Ladders…not a particularly exciting topic I’ll admit. But hey, we need ladders to help us accomplish all kinds of tasks. Most people have used at least one of the many types of ladders that are available today. And the odds are probably pretty good that many of those users strayed outside the limits of safety a time or two while on a ladder. It is amazing the risks some people will take to save some time or avoid the inconvenience of getting down to move the ladder into a safer position. I wonder how many of those risks would be taken on a ladder if the users knew they were on camera.
Think about astronaut Neil Armstrong. He travelled by rocket almost 239,000 miles through space and has just successfully landed the lunar module on the surface of the moon. Quite an accomplishment! Now, with the eyes of the world on him, he is going to come down a ladder and become the first person to set foot on the moon. I wonder how many times Neil Armstrong practiced coming down that ladder. Now imagine him saying during that historic moment: “That’s one small step for a man… one giant leeee….aaaaaahhhhhhh!” And then the world watches as he falls back off the ladder and comes to rest lying on his back….on the surface of the moon….with a broken leg, a sprained wrist, and a bruised back, and clutching a ladder rung in one of his hands! And 239,000 miles from the nearest Urgent Care!
That would have drastically changed everything about the overall mission of the astronauts! The investigation into this ladder accident would be an interesting and important one for sure, and the fact that such strong evidence was caught on video would be a luxury not usually available to the investigator. Well, fortunately that accident did not happen! Neil Armstrong finished his famous quote, he successfully stepped off the lunar module ladder, and the overall mission of the Apollo 11 flight was incredibly successful.
Obviously, the everyday use of ladders at factories and homes across the U.S. lacks the drama and suspense of a moon mission ladder descent, but there are some similarities that we can look at. Using a ladder always involves a level of risk. That risk level is dependent on things such as the type of ladder, the height climbed, the attention of the user to follow all ladder safety rules, as well as the design and stability of the ladder used. Ladders that are available these days are typically safe with respect to their design and the materials they are constructed of. However, statistics show that in the US, on average, work-related ladder falls result in one death and more than 180 nonfatal injuries every two days. In some of these cases, questions are raised about what actually caused or contributed to the accident. When this happens, it is common for a forensic engineer to be hired to investigate the accident to determine if there was a defect in the ladder’s design or the materials it was manufactured from, or if the user of the ladder was possibly at fault.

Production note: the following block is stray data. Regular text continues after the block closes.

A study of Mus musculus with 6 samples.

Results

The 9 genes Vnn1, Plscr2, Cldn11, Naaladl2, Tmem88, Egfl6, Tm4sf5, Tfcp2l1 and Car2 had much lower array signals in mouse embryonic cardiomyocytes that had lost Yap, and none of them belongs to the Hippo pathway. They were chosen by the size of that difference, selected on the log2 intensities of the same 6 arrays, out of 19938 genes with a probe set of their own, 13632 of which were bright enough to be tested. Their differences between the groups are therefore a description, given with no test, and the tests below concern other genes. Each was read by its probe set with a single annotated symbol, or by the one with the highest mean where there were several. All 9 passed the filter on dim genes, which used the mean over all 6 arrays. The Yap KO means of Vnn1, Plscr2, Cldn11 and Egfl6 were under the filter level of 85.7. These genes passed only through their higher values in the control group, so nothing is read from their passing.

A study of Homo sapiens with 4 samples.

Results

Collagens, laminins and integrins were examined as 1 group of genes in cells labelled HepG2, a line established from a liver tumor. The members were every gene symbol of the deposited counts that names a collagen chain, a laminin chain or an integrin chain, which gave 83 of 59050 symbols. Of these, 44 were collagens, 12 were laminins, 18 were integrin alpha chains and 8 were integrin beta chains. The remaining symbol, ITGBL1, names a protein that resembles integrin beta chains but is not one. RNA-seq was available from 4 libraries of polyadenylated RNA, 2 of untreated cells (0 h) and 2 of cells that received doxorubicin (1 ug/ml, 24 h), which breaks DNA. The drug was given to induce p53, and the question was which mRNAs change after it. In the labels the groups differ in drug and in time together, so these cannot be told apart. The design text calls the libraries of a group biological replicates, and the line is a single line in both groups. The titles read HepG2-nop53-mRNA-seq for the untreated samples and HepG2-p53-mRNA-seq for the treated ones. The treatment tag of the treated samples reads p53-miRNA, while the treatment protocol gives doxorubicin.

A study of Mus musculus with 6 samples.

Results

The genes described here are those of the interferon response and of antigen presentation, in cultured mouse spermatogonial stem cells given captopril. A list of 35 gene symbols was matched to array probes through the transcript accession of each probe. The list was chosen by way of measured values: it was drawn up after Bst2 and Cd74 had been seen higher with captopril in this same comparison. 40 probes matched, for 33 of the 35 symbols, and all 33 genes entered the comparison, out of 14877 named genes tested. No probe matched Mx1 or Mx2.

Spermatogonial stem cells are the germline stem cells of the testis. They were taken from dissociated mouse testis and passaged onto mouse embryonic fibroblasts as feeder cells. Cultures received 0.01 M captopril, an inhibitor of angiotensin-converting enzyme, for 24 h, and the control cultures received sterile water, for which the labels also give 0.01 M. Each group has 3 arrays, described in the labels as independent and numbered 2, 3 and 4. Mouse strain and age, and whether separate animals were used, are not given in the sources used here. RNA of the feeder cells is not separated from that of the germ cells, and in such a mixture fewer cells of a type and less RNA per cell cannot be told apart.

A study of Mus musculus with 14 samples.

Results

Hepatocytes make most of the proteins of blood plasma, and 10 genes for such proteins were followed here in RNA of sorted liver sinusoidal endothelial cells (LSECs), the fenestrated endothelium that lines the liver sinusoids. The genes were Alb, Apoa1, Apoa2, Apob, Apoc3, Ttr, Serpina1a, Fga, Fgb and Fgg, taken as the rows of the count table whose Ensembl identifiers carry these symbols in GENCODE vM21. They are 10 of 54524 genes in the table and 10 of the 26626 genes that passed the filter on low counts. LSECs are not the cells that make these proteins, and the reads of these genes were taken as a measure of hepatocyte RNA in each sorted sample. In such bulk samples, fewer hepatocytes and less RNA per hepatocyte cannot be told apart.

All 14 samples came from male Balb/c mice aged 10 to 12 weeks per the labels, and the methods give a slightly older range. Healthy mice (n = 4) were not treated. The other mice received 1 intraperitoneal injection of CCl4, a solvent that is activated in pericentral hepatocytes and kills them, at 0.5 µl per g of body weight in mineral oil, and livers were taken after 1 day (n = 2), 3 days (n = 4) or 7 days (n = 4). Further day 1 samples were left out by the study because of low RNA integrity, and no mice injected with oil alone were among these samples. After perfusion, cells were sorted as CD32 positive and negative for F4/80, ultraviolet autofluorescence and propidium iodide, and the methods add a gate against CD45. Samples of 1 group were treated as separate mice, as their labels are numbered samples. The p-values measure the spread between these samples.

The things a forensic engineer will consider in the investigation are dependent on the specific circumstances of each accident as well as the scope of the accident request. Typically, the type of ladder and whether it adhered to the design standards that were in place when it was manufactured will be a part of the investigation. A quick internet search will show whether there are or have been recalls for that particular ladder model. A thorough study of the ladder, whether through quality photos or having the actual ladder involved in the accident, can reveal evidence that will show whether a defect was present in the ladder at the time of the accident. The specific members that were damaged can sometimes show how the ladder was loaded when it failed, and whether that failure may have been due to either a defect or the user’s bad judgment. The goal of the investigation will be to find the truth as to what happened and to give a concise explanation of the expert’s findings along with his /her opinions in the final report.
If you need an investigation of an accident involving any type of ladder, please call our experienced mechanical engineering experts at Warren.
Bob Hickman is a Licensed Professional Engineer and Certified Machinery Safety Expert. He has over 30 years of manufacturing and machine design experience in production and quality-driven environments. Bob holds a Bachelor of Science in Mechanical Engineering from Clemson University. Over his 30-year engineering career, Bob has designed many custom manufacturing machines and processes that improved quality, productivity, reliability, and safety. He designed several machines to automate manual processes, replacing inefficient/unreliable manual equipment and has assisted with plant layout/production line planning. He has significant experience with pneumatic systems and components, as well as hydraulics. Bob regularly investigates personal injury, wrongful death, and product liability claims, as well as property damage claims involving machinery and equipment in a variety of environments for both insurance adjusters and attorneys. Bob has an in-depth knowledge of many standards with emphasis on ANSI B11 standards for machine tool safety.